This week let’s try something different. Let’s go through Chapter 6 stanza by stanza.
For this to work, you have to be willing to jump right in. Write a comment. Ask a question. Reply to what someone else has written. If you’re thinking about it, but are on the fence, JUST DO IT! I hope you can see we’re a pretty friendly bunch here, and we’re very receptive to hearing everyone’s thoughts.
Let’s begin by talking about the first six stanzas of Chapter 6:
He who performs his duty
with no concern for results
is the true man of yoga–not
he who refrains from action.
Knowing that right action itself
is renunciation, Arjuna;
in the yoga of action, you first
renounce your own selfish will.
For the man who wishes to mature,
the yoga of action is the path;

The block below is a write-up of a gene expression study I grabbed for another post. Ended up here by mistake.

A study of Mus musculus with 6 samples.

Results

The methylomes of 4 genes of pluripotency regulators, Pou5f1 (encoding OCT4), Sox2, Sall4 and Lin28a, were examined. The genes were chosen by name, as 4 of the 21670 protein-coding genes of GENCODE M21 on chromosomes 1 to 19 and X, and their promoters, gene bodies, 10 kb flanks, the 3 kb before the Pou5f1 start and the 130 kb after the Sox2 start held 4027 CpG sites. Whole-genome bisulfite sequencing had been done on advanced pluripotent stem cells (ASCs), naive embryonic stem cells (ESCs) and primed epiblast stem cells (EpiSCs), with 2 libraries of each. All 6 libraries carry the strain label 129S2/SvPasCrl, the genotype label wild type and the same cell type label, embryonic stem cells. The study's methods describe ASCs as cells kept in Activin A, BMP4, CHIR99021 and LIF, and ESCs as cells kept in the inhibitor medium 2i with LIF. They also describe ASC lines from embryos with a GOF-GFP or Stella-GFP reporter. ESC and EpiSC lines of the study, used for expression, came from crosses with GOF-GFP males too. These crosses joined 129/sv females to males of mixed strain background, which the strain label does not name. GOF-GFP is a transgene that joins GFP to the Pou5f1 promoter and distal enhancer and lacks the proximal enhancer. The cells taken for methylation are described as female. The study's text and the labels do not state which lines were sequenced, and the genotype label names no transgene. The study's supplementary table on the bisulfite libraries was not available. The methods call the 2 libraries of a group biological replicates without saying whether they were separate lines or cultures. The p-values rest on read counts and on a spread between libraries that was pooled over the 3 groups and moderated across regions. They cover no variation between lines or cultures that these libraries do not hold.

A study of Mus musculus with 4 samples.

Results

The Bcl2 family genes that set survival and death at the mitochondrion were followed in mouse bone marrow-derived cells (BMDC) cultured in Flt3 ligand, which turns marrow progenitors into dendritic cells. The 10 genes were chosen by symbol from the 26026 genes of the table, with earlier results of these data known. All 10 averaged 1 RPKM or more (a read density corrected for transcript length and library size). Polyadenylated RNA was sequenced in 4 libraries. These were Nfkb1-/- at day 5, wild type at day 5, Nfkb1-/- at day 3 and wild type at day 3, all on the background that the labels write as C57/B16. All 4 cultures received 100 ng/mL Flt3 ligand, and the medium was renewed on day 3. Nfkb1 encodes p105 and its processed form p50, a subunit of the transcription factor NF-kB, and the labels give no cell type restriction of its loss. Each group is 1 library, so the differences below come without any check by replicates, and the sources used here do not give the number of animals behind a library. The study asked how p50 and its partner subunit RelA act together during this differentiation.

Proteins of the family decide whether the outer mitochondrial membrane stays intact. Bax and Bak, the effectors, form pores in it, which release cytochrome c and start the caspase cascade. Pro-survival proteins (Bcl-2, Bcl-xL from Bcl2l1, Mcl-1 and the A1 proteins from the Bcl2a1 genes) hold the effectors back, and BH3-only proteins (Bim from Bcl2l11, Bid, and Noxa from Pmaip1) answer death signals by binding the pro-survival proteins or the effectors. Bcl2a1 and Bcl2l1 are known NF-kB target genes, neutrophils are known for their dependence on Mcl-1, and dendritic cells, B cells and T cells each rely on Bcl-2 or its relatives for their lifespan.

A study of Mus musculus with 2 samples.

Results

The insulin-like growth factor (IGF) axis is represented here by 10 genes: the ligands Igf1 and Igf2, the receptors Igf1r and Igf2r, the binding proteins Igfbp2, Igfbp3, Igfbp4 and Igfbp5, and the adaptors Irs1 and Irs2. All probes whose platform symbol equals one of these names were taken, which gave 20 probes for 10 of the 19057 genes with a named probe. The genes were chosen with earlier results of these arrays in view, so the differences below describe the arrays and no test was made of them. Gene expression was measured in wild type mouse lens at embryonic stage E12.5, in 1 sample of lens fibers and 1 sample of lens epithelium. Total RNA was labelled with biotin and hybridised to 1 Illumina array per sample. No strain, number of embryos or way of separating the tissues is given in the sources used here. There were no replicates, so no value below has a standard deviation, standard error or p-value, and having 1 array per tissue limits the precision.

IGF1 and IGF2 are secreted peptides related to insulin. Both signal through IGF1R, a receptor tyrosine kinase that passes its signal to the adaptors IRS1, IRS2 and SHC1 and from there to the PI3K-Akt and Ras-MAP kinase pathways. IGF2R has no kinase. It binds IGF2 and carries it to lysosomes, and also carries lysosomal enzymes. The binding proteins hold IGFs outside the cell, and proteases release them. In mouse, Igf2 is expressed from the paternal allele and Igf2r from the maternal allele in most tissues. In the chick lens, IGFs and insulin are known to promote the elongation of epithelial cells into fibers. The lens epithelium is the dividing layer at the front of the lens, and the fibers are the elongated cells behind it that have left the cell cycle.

for the man already mature,
serenity is the path.
When a man has become unattached
to sense objects or to actions,
renouncing his own selfish will,
then he is mature in yoga.
He should lift up the self by the Self
and not sink into the selfish;
for the self is the only friend
of the Self, and its only foe.
The self is a friend for him
who masters himself by the Self;
but for him who is not self-mastered,
the self is the cruelest foe.
If we were sitting around a room together, I would ask you these questions to get the discussion going:
1) How would you summarize these stanzas in your own words?
2) Give us an example of how you might apply these words to your own life.
3) Which lines of the text are difficult to understand?
4) Tell us anything else that comes to mind when you read these words.
Let’s see what happens. If this works, then we’ll run through Chapter 6 this way. If it doesn’t work, then we’ll try something else!